Crime Library: Criminal Minds and Methods

The True Story of Ray and Faye Copeland

No Deal

Barn, location of some bodies
Barn, location of some bodies
 

The following week, investigators searched another barn Ray was known to use.   More than a dozen deputies and volunteers spent several hours removing 2,000 bales of hay, which was stacked ceiling high. Investigators discovered a body wrapped in black plastic beneath the barn floor.  The victim had also been killed by a single gunshot to the back of the head.  He was later identified as Wayne Warner, age unknown.

Marlin bolt-action rifle
Marlin bolt-action rifle
 

During a search of Rays home, investigators seized a .22 caliber Marlin bolt-action rifle.  According to the Kansas City Star, ballistics tests later revealed it was the weapon used in each murder.  Investigators also discovered a handwritten list of farm helpers in Fayes writing.  Twelve of the names had scrawled X's by them.  Five of those men turned up dead, and investigators suspected that the others, who turned out to be missing, were also dead.  In addition, they also found a quilt, which Faye had made from the clothing of the murdered men.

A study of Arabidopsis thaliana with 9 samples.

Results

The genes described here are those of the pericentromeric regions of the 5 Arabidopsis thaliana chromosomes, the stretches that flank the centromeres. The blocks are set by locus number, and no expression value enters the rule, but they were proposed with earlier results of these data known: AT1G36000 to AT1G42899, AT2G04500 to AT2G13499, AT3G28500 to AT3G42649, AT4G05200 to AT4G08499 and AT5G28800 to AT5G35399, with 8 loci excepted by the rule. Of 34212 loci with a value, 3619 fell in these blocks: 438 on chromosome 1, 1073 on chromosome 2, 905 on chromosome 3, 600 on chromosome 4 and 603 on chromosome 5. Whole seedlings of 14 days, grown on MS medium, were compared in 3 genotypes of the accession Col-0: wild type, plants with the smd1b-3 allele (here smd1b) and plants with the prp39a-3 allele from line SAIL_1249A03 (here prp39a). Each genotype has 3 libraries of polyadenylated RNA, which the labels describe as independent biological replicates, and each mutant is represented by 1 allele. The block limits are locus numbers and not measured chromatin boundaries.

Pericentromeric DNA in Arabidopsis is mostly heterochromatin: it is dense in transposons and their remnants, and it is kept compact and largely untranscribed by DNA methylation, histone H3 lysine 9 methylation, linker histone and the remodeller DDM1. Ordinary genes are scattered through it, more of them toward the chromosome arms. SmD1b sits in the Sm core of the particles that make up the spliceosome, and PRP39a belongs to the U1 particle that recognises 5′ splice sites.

Dennis Murphy, victim
Dennis Murphy, victim
As the search began to wind down, investigators made one final discovery.   While examining an old well close to where Warners body was found, they discovered the body of another man.  He was later identified as 27-year-old Dennis Murphy.  As with the others, his death resulted from a single bullet to the back of the head.
Prosecutors were quick to offer Faye Copeland a deal -- if she were to tell investigators where more bodies might be found, they would only charge her with conspiracy to commit murder and she would serve a few months in jail for her cooperation.  Regardless, Faye claimed to have no knowledge of any of the murders.  Both Ray and Faye Copeland were arraigned on 5 counts of first-degree murder.

Wayne Warner
Wayne Warner
Prosecutors did not want to take any chances and Ray was taken to a state mental hospital for evaluation.   The last thing the state wanted was an insanity defense.  The public defenders office knew it would be hard to defend the couple together, so they filed for a motion to have the cases tried separately.  No one knew for certain which direction the trial would take, but everyone suspected Faye would have a better chance on her own.  The prosecution was playing hardball and rather than life in prison, they were seeking the death penalty in both cases.